Racial and Ethnic Disparities Persist in Pediatric Health Care

American Academy of Pediatrics says disparities are extensive, pervasive and persistent

MONDAY, March 29 (HealthDay News) -- There are pervasive, persistent and extensive racial/ethnic disparities that occur in every domain of pediatric health and health care, according to a technical report by the American Academy of Pediatrics published online March 29 in Pediatrics.

Glenn Flores, M.D., of the Children's Medical Center of Dallas, and colleagues on the AAP's Committee on Pediatric Research conducted a systematic review of 111 articles on racial/ethnic disparities in the health and health care of American children.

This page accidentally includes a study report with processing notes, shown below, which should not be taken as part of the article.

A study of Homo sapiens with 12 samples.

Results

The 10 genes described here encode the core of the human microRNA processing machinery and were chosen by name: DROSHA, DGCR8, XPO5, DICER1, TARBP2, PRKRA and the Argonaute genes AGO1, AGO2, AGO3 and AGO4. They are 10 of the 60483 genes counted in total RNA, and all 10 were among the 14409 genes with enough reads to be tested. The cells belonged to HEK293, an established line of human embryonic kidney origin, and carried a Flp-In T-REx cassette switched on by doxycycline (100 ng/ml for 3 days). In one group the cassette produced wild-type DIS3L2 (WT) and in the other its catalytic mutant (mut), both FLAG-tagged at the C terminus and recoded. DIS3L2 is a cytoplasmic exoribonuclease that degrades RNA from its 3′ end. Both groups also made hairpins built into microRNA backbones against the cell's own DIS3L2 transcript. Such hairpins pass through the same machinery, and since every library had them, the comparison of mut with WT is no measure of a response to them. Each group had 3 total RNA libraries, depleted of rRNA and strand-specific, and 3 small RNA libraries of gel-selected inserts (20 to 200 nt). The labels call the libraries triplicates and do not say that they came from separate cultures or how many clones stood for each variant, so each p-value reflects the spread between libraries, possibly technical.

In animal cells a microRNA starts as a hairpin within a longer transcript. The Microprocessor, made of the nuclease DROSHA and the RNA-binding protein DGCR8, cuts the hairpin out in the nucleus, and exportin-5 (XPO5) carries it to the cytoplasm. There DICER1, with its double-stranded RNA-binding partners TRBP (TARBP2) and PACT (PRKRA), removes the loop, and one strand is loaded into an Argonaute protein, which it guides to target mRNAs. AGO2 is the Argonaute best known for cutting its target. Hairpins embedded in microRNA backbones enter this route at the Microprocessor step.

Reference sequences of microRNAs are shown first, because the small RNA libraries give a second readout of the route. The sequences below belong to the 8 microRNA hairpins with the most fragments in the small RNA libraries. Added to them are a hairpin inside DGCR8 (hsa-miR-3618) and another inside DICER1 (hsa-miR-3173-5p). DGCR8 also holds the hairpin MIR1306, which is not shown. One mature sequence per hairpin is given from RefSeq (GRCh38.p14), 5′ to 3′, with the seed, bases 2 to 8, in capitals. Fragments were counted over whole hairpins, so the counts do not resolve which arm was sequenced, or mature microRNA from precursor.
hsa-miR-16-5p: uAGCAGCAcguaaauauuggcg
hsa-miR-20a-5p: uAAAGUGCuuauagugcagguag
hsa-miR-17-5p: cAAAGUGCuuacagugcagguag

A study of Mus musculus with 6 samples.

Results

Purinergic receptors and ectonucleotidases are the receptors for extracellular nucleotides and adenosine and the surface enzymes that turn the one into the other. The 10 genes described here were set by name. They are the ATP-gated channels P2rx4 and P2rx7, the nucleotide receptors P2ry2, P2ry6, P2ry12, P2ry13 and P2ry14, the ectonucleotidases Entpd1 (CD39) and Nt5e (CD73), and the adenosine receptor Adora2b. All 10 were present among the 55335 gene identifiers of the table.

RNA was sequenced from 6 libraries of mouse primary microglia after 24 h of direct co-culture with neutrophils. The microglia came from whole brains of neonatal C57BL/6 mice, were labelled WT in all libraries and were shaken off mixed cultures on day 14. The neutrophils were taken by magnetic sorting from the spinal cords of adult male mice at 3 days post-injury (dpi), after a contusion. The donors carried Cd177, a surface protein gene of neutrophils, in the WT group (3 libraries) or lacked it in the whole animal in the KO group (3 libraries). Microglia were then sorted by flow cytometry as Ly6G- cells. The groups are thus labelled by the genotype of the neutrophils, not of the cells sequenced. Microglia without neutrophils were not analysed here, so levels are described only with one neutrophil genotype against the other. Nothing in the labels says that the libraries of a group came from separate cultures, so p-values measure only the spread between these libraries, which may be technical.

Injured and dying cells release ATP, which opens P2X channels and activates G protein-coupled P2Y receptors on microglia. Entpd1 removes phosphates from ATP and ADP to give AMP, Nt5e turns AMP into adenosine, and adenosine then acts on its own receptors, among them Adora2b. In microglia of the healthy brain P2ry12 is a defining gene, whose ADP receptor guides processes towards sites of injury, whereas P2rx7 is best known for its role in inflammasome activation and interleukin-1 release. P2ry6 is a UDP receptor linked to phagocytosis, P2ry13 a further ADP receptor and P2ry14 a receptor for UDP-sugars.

The researchers found that disparities exist across the spectrum of health and health care, including mortality rates, access to and use of services, adolescent health, chronic diseases, and special needs care. Children in all four major racial/ethnic minority groups showed mortality-rate disparities, including higher risks than Caucasian children for all-cause mortality and death from drowning, from acute lymphoblastic leukemia, and after surgery to repair congenital heart defects. Furthermore, the authors noted an earlier median age at death for minority children with Down syndrome and congenital heart defects.

"Methodologic flaws were identified in how such disparities are sometimes documented and analyzed," Flores and colleagues conclude. "Without recognition of child health disparities as pervasive problems, sound methodologies to assess the magnitude of disparities, and rigorous evaluation of disparities interventions, the pediatric community will not be able to realize the vision of the AAP to attain optimal physical, mental, and social health and well-being of all infants, children, adolescents, and young adults."